An apple for teacher? How quaint

Thursday, May 20, 2010 - 1:15pm

Three plastic horses prance next to Monika Havelka's computer. A nearby shelf proudly displays an antler from a white-tailed deer. And what's that? A bone?

My students give me all sorts of things, says Havelka, a biology lecturer at U of T Mississauga. One person gave me a scute from a turtle shell, another a shell necklace. But what says You're a great biology teacher better than the gift of a bone from a dead raccoon?

Some U of T students go out of their way to express how much they appreciate their favourite prof. Havelka has thumbtacked a slew of student thank-you notes to her bulletin board, and one undergrad baked Havelka a gooey chocolate cake.

A more modern act of admiration is to set up a Facebook page for your venerated prof. Fans of English professor Nick Mount started an I Heart Nick Mount page. I'm of course very flattered, says Mount, adding that he hasn't visited the Facebook page. I don't want to eavesdrop on student conversations outside the domain of my courses.

Adoring students also set up a Facebook page for Shafique Virani. The Islamic Studies prof keeps in touch with his former students, some of whom say that taking a course with him transformed their life. For these students, gratitude knows no limits. One previous student gave Virani the privilege of naming her firstborn. (Virani and the couple decided to call the little girl Reyha.) Another previous pupil asked Virani to be the best man at his wedding. You changed my life, he told Virani.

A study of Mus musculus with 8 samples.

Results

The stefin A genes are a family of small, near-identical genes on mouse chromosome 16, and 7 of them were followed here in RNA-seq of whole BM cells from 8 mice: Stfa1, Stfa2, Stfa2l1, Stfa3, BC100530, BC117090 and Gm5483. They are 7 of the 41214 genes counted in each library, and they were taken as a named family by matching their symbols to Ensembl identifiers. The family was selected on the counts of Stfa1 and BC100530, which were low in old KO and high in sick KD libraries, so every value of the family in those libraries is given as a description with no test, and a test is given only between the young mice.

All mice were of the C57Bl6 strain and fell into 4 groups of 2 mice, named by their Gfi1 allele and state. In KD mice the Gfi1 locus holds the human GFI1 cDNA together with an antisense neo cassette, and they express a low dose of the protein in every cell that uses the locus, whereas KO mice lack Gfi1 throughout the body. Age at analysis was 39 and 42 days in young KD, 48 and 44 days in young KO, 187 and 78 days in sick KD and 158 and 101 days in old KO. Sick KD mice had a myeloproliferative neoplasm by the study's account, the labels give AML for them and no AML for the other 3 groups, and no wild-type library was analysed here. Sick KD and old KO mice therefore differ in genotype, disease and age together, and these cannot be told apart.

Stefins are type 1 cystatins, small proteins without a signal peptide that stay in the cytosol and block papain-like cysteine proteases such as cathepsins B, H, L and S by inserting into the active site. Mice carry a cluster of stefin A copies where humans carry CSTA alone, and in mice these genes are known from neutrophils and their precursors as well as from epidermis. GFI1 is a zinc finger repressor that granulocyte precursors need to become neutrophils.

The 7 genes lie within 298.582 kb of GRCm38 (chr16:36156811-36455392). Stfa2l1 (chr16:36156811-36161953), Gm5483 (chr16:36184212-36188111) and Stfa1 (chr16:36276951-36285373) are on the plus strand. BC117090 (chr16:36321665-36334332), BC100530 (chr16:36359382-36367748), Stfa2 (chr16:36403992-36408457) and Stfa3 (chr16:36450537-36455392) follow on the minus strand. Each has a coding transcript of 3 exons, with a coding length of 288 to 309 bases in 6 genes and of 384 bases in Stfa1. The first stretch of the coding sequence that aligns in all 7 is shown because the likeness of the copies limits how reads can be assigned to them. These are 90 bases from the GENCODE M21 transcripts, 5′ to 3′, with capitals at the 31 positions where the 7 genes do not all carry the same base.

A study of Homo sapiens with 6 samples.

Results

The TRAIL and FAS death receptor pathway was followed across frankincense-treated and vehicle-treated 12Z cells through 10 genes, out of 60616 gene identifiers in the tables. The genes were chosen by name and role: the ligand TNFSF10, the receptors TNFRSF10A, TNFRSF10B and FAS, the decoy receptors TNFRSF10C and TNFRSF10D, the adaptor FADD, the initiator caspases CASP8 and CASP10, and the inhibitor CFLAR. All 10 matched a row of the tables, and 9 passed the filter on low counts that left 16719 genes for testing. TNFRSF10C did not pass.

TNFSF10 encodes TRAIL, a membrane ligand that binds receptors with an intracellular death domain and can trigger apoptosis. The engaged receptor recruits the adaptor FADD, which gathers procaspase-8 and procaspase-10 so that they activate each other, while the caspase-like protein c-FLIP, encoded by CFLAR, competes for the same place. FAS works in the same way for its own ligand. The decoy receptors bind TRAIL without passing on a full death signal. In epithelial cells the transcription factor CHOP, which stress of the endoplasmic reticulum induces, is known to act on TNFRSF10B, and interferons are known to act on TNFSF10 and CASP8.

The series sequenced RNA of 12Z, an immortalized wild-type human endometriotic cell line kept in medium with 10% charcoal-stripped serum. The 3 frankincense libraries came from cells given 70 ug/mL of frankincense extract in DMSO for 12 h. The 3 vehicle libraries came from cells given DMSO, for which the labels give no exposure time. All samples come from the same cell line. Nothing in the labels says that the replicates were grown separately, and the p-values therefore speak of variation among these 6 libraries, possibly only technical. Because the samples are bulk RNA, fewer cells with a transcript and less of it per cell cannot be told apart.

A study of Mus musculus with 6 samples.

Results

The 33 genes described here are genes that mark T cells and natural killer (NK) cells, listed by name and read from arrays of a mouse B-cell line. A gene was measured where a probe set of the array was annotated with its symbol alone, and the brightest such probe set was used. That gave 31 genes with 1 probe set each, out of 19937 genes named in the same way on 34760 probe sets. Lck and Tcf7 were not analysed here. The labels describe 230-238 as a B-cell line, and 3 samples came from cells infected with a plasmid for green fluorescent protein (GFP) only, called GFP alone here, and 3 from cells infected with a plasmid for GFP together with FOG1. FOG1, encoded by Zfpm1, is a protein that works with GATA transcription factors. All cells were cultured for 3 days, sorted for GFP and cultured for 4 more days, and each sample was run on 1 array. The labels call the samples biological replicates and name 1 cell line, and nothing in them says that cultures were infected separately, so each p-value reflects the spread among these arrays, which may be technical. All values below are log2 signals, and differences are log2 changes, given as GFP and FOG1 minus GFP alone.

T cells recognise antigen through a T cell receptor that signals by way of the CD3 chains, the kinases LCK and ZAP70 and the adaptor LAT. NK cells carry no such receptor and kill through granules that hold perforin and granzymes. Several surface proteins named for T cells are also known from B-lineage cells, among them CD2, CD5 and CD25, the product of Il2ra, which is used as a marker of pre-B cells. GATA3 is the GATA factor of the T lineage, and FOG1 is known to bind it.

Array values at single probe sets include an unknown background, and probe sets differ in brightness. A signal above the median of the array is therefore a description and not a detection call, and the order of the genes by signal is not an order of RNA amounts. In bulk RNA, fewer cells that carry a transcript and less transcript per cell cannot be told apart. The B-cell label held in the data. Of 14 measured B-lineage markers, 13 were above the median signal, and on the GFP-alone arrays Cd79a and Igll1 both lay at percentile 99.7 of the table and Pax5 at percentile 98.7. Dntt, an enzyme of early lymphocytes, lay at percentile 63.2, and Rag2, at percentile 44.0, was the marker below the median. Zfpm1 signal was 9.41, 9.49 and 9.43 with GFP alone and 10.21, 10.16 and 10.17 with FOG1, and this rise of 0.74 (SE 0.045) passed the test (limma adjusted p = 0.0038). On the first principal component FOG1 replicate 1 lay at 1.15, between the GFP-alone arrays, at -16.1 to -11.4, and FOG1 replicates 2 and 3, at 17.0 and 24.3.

Virani would have gladly agreed to be the student's best man if he hadn't been living outside Canada at the time. Still, Virani shared in the wedding as much as he could. I was on the phone with him and his fiancée constantly, and spoke with the groom while he was in the car on the way to the wedding.
I absolutely adore my students, so the sentiment of respect and affection is mutual, Virani continues. It's amazing to know that I played a role in my students' lives, just as they've played a role in making me who I am.

For Clare Hasenkampf - a biology professor and director of Centre for Teaching & Learning at U of T Scarborough, who just won a 3M National Teaching Fellowship - the best gestures are the personal visits - in which a student comes by to say what he or she's going to do after graduation and tell me how I influenced him or her. Maybe the gifts that you can't hold in your hands are the most tangible.

By Susan Pedwell
Article printed from University of Toronto Magazine
Do you have your own story about an unusual gift for a special prof? Tell us at uoft.magazine@utoronto.ca.